The Maryland Home Improvement Commission (MHIC) requires home improvement contractors to post a $20,000 surety bond as part of the licensing process to operate in the state. Some cities and counties including Baltimore, Carroll, Calvert, Hagerstown, Prince George's, and St. Mary's require their own specific surety bonds.
The surety company issuing the bond determines your premium rate, which is the percentage of the total bond amount you pay as the premium. During the application process, the surety company evaluates your personal credit, financial statements, industry experience, and licensing history. EZ Surety can issue premiums for Maryland contractor license bonds for as low as $100 for applicants with standard credit. If your credit is below average, we can still offer a competitive rate for your contractors license bond.
Contractor license bonds hold licensed contractors accountable for the quality of their work and protect the public from damages they’ve incurred due to the contractor’s violation of licensing laws.
When the surety company issues the bond, they provide a financial guarantee to the MHIC or the local municipality that the contractor will comply with the regulations set forth by the contractor license. If the contractor violates these regulations, causing a loss to the consumer, the consumer can file a claim against the bond.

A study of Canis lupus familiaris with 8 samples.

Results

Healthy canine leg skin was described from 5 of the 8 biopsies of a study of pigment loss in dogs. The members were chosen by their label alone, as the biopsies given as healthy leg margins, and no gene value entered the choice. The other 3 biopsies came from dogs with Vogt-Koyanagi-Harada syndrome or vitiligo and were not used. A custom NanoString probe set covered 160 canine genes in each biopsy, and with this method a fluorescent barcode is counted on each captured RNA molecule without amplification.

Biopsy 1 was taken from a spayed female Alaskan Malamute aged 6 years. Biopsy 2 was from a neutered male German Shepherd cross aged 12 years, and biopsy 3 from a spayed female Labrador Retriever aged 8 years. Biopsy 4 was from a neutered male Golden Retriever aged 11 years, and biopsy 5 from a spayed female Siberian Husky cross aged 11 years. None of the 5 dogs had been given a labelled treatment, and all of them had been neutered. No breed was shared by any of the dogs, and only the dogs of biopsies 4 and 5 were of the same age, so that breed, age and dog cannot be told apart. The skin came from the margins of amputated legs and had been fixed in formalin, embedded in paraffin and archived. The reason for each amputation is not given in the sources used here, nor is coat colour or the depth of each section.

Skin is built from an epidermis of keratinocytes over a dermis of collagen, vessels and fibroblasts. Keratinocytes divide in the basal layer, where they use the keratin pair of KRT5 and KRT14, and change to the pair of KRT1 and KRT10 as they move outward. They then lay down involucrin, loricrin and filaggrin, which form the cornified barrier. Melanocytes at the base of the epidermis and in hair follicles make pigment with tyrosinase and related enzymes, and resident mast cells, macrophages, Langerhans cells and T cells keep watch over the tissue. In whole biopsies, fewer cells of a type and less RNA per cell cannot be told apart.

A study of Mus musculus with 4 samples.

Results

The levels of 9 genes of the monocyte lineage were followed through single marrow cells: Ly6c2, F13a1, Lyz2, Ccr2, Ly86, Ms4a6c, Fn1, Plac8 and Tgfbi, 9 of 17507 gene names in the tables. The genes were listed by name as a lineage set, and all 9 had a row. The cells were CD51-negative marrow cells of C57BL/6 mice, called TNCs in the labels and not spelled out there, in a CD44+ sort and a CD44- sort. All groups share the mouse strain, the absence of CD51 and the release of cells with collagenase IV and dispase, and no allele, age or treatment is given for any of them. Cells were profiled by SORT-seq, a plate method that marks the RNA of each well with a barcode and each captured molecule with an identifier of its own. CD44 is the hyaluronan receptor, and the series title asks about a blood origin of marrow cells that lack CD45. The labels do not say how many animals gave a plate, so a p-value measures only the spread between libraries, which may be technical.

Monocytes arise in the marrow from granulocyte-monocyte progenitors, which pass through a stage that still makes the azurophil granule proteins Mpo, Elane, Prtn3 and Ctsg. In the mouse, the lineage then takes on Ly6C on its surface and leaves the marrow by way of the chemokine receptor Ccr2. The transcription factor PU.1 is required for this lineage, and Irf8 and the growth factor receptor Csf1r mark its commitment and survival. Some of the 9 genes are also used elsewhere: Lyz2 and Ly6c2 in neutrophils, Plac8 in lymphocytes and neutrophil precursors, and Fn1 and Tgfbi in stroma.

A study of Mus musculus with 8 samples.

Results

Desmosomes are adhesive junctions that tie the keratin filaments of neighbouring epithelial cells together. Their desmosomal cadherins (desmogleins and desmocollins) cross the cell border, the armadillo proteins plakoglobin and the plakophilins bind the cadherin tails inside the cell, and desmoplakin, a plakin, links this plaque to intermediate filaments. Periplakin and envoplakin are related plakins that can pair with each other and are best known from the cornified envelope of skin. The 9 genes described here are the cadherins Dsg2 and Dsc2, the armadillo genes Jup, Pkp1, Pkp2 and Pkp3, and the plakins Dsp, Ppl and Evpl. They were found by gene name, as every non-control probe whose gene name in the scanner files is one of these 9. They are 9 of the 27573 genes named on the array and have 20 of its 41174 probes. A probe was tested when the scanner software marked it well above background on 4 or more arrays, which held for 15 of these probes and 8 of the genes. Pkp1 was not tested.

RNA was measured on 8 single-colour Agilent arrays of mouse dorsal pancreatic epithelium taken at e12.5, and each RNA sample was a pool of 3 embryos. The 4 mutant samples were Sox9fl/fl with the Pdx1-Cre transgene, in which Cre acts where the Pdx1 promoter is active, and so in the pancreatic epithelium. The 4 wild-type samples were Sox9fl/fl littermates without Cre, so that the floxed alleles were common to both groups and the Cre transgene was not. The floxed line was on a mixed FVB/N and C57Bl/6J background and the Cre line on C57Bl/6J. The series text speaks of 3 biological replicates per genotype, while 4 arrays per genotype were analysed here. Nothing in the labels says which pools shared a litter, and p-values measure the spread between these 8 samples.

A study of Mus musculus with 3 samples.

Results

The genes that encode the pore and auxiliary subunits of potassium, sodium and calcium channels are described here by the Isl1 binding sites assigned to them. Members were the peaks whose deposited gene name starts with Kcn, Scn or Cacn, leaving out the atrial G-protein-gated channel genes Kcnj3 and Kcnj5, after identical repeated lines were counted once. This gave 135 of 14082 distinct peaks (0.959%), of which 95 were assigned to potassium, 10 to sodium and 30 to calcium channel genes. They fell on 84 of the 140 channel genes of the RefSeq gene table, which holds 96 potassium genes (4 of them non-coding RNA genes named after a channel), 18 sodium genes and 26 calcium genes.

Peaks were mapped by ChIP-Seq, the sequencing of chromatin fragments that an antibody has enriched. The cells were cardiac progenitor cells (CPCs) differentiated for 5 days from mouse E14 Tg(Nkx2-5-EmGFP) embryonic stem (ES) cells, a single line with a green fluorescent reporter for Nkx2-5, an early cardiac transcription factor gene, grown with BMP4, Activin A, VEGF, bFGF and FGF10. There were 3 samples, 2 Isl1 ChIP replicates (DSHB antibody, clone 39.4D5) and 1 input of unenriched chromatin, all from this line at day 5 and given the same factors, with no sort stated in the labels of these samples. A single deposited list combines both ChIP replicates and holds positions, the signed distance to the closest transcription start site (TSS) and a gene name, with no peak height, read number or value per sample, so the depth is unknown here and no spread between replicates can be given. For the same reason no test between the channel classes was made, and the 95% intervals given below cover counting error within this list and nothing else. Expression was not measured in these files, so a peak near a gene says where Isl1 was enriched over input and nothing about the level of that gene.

If the claim is valid, the surety company will cover the costs to repair the damage up to the amount of the bond. The contractor is then liable to reimburse the surety company for all damages paid.
The State of Maryland does not require general contractors to obtain a license. However, various cities and counties may have their own licensing requirements.
The state only requires contractor licenses if you perform work involving home improvement, electrical, plumbing, or HVACR. The Maryland Department of Labor, Licensing and Regulation handles these licenses.
Because Maryland general contractor licenses are issued at the municipal level rather than the state, you'll need to check with your local municipality for any licensing requirements. Below is a brief overview of the steps you'll likely need to follow.